Greenback Rises Amid Ending of US Government Shutdown
The U.S. dollar turned higher against other major currencies, after the US Congress managed to pass a two-year budget agreement, ending a brief government shutdown. The agreement will boost federal spending by almost $300 billion and suspend the debt ceiling for a year.
The British pound weakened by pressure from weak data on industrial production and trade balance of Britain, as well as strengthening demand for the dollar and the next drop in European stocks. An additional source of pressure was that EU representative Barnier expressed skepticism about the transitional period preceding Brexit. UK manufacturing production rose 0.3% in December, in line with expectations, while industrial production dropped 1.3%, disappointing expectations for a 0.9% fall. A separate report showed that the UK trade deficit widened to £13.58 billion in December from a revised £12.46 the previous month, while analysts had expected the deficit to narrow to £11.50 billion.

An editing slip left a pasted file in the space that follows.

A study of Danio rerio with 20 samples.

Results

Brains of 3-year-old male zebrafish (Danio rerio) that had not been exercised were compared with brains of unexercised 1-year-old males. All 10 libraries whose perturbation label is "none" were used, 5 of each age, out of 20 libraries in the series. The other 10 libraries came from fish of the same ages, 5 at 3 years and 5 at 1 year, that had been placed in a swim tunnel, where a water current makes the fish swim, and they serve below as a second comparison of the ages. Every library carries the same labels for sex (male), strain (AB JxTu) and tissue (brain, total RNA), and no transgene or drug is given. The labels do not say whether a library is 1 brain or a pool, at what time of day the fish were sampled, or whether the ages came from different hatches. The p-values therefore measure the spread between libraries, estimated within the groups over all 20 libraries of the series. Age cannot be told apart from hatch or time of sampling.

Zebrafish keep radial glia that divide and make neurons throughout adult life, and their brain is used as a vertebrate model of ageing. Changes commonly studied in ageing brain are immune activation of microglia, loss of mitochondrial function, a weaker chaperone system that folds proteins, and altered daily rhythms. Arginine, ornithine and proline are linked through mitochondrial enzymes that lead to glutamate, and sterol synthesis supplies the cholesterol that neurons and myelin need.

Canadian dollar sank after weak jobs data. Canada’s employment fell by 88.000 in January, much worse than expectation of 10.000 growth. Unemployment rate rose by 0.2% to 5.9%.
The RBA lowered unemployment rate forecasts but kept projections on growth and inflation unchanged. GDP growth is projected to be at 3% in 2018 and 3.25% in 2019. Inflation is awaited to be at 2.25% by the end of 2018 and stay at 2.25% by the end of 2019. Unemployment rate is forecast to fall from current 5.5% to 5.25% by the end of 2018, and to stay at 5.25% till end of 2019.